Never mind what he can do to his team's fortunes. This is a man who can make prime ministers run.
Sighted around the back of the pavilion at the 2004 Sydney Test, John Howard, then premier of Australia, suddenly broke into a trot, and his six bodyguards instantly switched to light-jog mode. A few minutes after the PA system had announced that the new man in was the one he referred to as "Laksmin", Howard made his way through a strolling, slightly puzzled crowd and towards his box seat. Affairs of state were going to have to wait.
If anything about Indian cricket could make Howard crack a smile today, it would have to be the news that VVS Laxman had steered the Indians through a nervy run-chase and levelled the Test series against Sri Lanka.
If anything about Indian cricket, its hiccuping batting and revolving-door bowling attack, could spark optimism again, it belonged to their No. 5 troubleshooter's troubleshooter of an innings.
That the 103 not out is his first fourth-innings hundred is merely a daunting thought, not a reflection of the man's ability in crisis.
Laxman is India's stylist in strife. Batting mostly at No. 6 has caused him to often arrive when four wickets are gone with a queasy score on the board, or when he has had to gee up the pace to beef up the innings or lead mop-up operations with the tail. Yet, regardless of requirement and demand, Laxman has always been generous with his gifts. When he bats, he allows the most hardboiled to get in touch with their soft centre. It is why prime ministers begin running.
When asked during an ODI series to pick a tune to mark his arrival at the crease, Laxman chose Robbie Williams' "Let Me Entertain You". At his most fluent, his batting makes the pragmatic burst into song. The P Sara hundred was one example of his varied range. He may be best known for the operatic, epic-like innings but often even a short burst of stanzas is more than adequate.
At a 2001 Test in Bloemfontein, after Laxman scored a thirty, his coach of the time, John Wright, usually not given to overstatement, told him it was the best thirty he had ever seen. As India chased 230 in Adelaide, looking for their first Test win in Australia in two decades, the departure of Tendulkar and Ganguly within 21 runs led to a slight tremor of an implosion. Laxman arrived, creamed three boundaries in his first full over, and put up 51 runs with Rahul Dravid at 4.5 an over. When he was out, India were within single digits of their target. When the ODI series for ages had to be won in Pakistan, he scored 107 in the Lahore decider through a veil of moths.
No matter how dire the situation - and he has been on duty on some very dire days - when Laxman takes the stage in his moment, he can conjure up the illusion that the crisis is not being tackled, it is being ignored. That fretting over it is all quite trivial. Like a genteel sorcerer pulling streams of silk out of a hat, his hands create gaps in the field that captains and bowlers cannot conceptualise, let alone attempt to cover.
"At his most fluent, his batting makes the pragmatic burst into song. He may be best known for the operatic, epic-like innings but often even a short burst of stanzas is more than adequate"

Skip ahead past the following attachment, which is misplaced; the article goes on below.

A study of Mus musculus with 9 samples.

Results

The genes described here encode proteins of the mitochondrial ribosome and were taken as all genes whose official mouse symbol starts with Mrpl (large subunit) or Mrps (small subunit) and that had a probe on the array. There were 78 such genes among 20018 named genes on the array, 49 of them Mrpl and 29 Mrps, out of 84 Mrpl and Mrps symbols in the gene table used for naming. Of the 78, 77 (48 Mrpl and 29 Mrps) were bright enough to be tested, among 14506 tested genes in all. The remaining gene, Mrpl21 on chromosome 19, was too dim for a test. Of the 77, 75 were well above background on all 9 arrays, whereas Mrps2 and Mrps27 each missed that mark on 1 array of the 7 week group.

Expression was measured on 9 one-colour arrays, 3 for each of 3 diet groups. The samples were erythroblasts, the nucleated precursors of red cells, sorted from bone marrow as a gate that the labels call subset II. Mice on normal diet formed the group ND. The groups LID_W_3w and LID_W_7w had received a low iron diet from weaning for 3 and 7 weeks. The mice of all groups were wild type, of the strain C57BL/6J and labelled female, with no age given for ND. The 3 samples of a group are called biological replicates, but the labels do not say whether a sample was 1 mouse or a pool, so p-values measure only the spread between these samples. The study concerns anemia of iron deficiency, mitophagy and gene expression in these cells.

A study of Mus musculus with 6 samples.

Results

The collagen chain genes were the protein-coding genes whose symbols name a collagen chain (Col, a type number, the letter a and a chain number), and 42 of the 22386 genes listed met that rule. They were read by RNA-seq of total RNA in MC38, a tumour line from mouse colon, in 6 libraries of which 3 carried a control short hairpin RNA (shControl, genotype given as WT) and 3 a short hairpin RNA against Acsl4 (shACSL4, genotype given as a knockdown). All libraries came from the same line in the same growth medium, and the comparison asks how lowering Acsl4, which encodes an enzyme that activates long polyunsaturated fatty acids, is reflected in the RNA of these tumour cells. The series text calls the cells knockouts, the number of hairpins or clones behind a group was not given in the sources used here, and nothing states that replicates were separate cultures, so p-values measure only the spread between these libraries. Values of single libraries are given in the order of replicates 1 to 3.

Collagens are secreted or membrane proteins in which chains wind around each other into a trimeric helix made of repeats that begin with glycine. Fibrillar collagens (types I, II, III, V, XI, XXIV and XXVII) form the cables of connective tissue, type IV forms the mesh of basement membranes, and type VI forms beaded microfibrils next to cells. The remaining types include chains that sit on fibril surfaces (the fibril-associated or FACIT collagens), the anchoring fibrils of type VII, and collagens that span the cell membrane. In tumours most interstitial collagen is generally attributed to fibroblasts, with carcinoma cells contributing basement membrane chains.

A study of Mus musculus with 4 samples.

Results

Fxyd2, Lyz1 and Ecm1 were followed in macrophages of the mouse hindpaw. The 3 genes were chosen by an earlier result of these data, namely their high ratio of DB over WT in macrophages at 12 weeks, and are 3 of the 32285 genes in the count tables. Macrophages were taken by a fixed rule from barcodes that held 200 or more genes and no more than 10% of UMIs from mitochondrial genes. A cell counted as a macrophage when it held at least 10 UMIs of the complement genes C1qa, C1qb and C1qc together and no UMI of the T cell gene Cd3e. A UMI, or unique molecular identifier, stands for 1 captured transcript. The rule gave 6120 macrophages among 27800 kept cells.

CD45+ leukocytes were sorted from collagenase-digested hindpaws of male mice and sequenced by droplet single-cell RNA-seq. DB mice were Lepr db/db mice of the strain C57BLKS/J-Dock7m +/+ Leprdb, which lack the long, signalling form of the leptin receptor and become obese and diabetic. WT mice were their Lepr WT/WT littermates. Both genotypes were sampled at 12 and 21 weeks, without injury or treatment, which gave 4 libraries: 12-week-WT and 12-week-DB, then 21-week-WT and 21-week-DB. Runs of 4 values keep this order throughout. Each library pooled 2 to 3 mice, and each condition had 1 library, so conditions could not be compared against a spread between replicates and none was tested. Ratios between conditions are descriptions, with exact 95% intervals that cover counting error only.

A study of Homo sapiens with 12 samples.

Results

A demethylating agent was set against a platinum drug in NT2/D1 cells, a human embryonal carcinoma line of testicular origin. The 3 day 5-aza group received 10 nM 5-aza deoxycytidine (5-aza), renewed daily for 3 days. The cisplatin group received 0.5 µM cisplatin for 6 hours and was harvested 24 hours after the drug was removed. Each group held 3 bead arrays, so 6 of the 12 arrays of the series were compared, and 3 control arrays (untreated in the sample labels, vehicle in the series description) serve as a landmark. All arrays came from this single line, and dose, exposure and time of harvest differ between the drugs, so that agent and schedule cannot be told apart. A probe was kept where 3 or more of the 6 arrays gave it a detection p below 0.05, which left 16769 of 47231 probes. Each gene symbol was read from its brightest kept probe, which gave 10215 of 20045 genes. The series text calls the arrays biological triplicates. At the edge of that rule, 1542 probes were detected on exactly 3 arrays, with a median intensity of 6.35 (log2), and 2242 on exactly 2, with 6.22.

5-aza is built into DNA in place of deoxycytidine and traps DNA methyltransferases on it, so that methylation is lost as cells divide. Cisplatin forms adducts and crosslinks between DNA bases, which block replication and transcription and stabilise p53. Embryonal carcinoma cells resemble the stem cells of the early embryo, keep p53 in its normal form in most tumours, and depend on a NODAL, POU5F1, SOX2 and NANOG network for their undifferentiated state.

Laxman can speak of his hardship eloquently, be it the spasms in his back or selectoral brutality, but strides to the crease without strain. At the other end, men may be flailing, drowning; Laxman bats as if he were not merely in another game but another era, when cricketers wore cravats and sledging was some manner of winter sport.
Left-arm spinner Murali Kartik, Laxman's friend, colleague and competitor, tells a story about bowling to him in the nets. After Laxman languidly dispatched Kartik to an unexpected corner, he would put up his hand and apologise to the bowler in chaste Hyderabadi Hindi, "Hona bol ke maara". Roughly translated, he was saying he had just needed to try out the shot, its affront was really not personal. His batsmanship may be termed "attacking" but Laxman's cricket contains no offence.
If anything, his strokes have often blinded the significance of his achievement and his numbers due to their sheer light. Except Two Eighty One, of course, which will surely turn up in his genome. In his 30s, Laxman has clocked over the numbers with digital precision. In his last 20 Tests, he has scored 12 fifties and four centuries. In his last 13 Tests, from No. 101 versus England in Chennai to P Sara's No. 113, he has produced three hundreds and eight fifties. During the gloom in Galle, he climbed ahead of Sourav Ganguly on the list of all-time Indian Test batsmen. Today he is slotted in at No. 4, behind Tendulkar, Dravid and Gavaskar. The stature will sit on him like the white shirt sits does on his stork-like, angled frame - with the pure poise of ease.
The youngest among India's retreating golden generation of middle-order batsmen, he could leave cricket without any monumental record. Shivnarine Chanderpaul, Graeme Smith, Mohammad Yousuf and Kumara Sangakkara have more hundreds, three of them in far fewer Tests. It does not matter. His will never be a career in numbers, anyway. He has always been a batsman of imagery and imagination. VVS Laxman's records may easily be overtaken, but they cannot be replicated.